Sugar often takes the blame for being the worst food product for your teeth, but acid develops from this sugar and bacteria and eats away at the enamel. There are foods rich in this corrosive dental acid as well, and many of them are healthy. Learn more about this acid that grows from the sugars in your mouth and see how it takes its toll on your oral health.
How Acid Develops in Your Mouth
Everyone has a certain amount of acid in their mouths on a daily basis – the problem is when that acid is excessive or is left on the teeth to eat away at their enamel.
When you eat foods that contain simple sugars, acid grows from these and begins to erode the hard surfaces of the teeth. Bacteria and acid from the food you eat sticks to your teeth and the acids they produce do corrosive damage to their dentin, enamel, and cementum.
Eating Your Enamel – Acid and Your Oral Health
The biggest problem that arises from acid is that it eats holes through each layer of your teeth. Cavities are holes in the teeth and are caused by acid from sugars and bacteria. Tooth decay from acid eating away your enamel can cause a variety of problems:
- Weaken your tooth
- Cause pain as your tooth loses its structure
- Loosening or loss of your tooth
- Difficulty eating or chewing with your teeth
- Varying degrees of dental caries
3 Forms of Dental Caries (Cavities)
Arguably the most common problem caused by acid is that it eats craters out of your teeth and causes cavities. What most people do not know is that the type of cavity differs based on how many layers the acid has eaten through. These are the three stages of dental caries:
- Dental Caries – Only the enamel is damaged
- Dentinal Caries – The corrosion has progressed into the tooth’s dentin
- Cementum Caries – The deepest and most rare form of cavities
Which Foods Cause the Most Acid?
All liquids have a rating on the pH meter that shows how acidic they are and food products do as well. The foods with a low pH level are highly acidic and can pose more of a threat to your oral health. Here are some of the foods that are known to be most acidic:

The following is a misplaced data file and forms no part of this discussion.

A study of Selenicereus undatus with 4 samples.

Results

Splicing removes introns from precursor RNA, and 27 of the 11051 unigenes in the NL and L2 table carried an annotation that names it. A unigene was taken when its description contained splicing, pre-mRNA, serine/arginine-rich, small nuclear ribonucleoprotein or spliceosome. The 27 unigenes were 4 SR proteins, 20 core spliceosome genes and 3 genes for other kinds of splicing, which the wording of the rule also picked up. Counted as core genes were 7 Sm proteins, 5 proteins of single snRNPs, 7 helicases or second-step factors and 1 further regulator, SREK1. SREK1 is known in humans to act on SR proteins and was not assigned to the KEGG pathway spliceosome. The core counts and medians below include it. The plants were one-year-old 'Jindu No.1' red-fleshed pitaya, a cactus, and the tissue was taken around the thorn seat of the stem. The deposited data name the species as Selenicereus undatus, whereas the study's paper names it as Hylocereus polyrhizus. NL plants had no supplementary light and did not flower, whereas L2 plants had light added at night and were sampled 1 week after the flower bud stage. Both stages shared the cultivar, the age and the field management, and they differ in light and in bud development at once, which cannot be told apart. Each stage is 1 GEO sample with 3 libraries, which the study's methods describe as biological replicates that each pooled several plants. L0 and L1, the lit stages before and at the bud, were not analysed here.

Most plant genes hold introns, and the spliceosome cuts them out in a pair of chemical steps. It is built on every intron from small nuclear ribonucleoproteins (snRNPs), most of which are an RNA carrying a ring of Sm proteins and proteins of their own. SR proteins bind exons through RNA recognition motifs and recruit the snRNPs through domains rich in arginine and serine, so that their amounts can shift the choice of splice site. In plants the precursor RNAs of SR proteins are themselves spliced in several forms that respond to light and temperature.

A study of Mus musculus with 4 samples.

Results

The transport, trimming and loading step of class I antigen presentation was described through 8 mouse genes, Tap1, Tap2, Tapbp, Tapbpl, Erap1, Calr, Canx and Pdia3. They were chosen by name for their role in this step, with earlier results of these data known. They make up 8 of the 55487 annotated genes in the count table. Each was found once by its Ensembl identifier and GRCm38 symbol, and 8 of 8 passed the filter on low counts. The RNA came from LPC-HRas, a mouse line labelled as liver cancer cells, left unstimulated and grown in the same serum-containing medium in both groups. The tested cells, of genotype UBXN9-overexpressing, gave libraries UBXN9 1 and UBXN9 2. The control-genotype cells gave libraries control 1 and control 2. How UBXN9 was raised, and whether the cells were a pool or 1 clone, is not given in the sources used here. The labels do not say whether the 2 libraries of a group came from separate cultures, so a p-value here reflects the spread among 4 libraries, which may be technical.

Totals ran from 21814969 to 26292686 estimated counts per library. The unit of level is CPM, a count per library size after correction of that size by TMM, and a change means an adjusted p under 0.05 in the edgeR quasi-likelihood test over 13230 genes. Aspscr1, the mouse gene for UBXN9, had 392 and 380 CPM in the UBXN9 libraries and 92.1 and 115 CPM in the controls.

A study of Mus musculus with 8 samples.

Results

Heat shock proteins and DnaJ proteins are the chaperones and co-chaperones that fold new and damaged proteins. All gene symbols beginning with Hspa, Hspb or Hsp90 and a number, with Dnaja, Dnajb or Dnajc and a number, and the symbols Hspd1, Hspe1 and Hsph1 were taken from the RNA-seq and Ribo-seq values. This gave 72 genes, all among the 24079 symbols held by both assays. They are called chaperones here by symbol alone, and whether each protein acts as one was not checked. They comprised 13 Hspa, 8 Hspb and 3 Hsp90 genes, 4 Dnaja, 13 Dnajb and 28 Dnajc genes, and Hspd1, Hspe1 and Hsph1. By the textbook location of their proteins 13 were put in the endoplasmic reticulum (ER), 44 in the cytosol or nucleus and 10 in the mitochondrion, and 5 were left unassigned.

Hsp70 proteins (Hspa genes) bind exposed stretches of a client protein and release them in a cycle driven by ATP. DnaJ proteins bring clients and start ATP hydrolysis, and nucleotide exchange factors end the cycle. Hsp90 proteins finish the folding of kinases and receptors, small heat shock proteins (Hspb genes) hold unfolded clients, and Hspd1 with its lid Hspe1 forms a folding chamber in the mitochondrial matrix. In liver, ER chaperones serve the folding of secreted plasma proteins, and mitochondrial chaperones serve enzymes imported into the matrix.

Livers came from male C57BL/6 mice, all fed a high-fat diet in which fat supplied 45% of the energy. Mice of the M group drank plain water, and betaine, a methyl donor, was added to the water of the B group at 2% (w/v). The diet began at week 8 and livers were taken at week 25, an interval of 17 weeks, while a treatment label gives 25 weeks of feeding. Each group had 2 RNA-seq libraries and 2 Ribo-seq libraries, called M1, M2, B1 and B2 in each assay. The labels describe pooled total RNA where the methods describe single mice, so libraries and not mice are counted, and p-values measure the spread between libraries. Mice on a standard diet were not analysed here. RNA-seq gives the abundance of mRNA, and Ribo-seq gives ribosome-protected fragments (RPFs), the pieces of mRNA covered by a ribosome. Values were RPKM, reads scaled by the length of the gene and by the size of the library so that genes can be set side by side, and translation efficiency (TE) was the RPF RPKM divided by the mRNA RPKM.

- Citrus fruits (oranges, lemons, limes, grapefruit)
- Tomato products (pasta sauce, hot sauce, ketchup, salsa)
- Alcohol (beer, wine, liquor)
- Fruit juices
Tips for Minimizing the Acid in Your Mouth
If left on your teeth, acidic foods can cause damage to them over time. But this doesn’t mean that avoiding every acidic food is the answer. Many acidic foods are healthy, so they still can have a consistent place in your pantry. Instead of avoiding acidic foods altogether, just follow these tips for keeping acid from causing dental damage to your teeth:
- Have water with highly acidic foods
- Visit your dentist – they can spot early dental erosion
- Drink lots of water – water and saliva help keep your mouth clean
- Use an enamel-building toothpaste
- Brush & floss twice daily – especially after acidic foods
Learn More about Preventing Acid at Dentistry of Nashville
Now that you understand why acid is one of the biggest threats to your oral health, you can take better actions to prevent it. Along with consistent home care, keeping up with your bi-annual dental visits will do a lot to keep your oral health intact. Drs. Fleming, Elan, and Vaughn have the experience to provide advanced dental treatments and improve your smile. Contact the Dentistry of Nashville today to see what we can do for you.